It is my understanding that when an executable program that depends (directly or indirectly) on libraries licensed under MIT and/or Apache 2.0 is compiled into a statically-linked binary that is then distributed to third parties, the binary must be accompanied by the individual licenses & copyright notices for all of the program's direct & indirect dependencies. (If you can definitively confirm or refute this belief, please consider posting an answer to this question.) However, I've come across some software in the official Debian repositories that does not seem to properly honor these requirements. I'd expect the Debian packagers to get licensing right, so I'm wondering what I'm missing.
Specific example: The program hyperfine, written in Rust. Rust libraries are usually statically-linked, so the compiled binaries that the Debian project distributes contain code from all of hyperfine's dependencies.
The webpage for the hyperfine v1.17.0 package in Debian Trixie can be found here. Clicking on "Copyright File" on the right side of the page leads to a
debian/copyrightfile that declares that the source files and the Debian packaging files are both licensed under "MIT or Apache-2.0", and the copyright line listed for the source files credits only the author of hyperfine. (Note that most if not all of hyperfine's dependencies are written by other authors.) The file contains the text of the MIT license (separate from the copyright) and a reference to where the text of the Apache 2.0 license can be found.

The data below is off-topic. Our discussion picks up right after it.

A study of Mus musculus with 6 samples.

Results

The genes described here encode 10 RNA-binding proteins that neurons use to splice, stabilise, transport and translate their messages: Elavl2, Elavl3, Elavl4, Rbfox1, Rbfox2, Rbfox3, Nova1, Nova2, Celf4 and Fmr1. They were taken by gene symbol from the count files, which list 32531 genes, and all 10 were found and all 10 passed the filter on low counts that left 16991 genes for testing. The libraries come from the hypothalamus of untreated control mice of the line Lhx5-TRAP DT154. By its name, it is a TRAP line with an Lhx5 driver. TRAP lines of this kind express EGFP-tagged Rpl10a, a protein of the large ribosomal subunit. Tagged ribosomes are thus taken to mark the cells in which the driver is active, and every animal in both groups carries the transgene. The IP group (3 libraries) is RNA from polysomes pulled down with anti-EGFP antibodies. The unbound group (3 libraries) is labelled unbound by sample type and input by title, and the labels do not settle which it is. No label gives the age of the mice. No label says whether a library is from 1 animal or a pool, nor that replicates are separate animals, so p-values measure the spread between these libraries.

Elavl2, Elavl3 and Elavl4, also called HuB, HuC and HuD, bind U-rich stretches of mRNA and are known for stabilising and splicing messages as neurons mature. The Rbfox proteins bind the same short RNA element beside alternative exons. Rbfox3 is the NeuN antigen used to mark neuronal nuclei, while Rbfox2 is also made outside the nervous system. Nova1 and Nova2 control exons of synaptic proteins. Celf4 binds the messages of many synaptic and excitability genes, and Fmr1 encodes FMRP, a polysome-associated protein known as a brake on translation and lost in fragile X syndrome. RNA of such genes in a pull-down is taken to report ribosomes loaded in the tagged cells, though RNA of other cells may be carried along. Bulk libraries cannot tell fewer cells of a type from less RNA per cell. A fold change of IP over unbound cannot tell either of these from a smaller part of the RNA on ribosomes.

Downloading & inspecting a binary
.debfile for hyperfine (I picked the amd64 deb) shows that it contains the same
copyrightfile and no other copyright information, though the Debian
controlfile does contain an "X-Cargo-Built-Using" field listing the names & versions of the Debian Rust packages used to build the deb. Note that these "built using" packages are only used at build time and are not listed as runtime dependencies (and so they are not installed when installing hyperfine from the Debian repositories). This is supported by the fact that running
lddon the hyperfine binary only lists the glibc libraries as being dynamically linked, and so the other build-time dependencies (i.e., the third-party Rust libraries) are most likely statically linked into the binary.
For a specific dependency of hyperfine's whose license I believe is being violated, consider the direct dependency indicatif. The X-Cargo-Built-Using field for the binary package I inspected states that the hyperfine binary was built with indicatif v1.17.3, the source for which contains this
LICENSEfile, consisting of a copyright line and the text of the MIT license. This copyright line does not appear in the above-mentioned copyright file or anywhere in the deb file.
So, is Debian handling dependency licenses for this package and others incorrectly, or is there something I'm missing?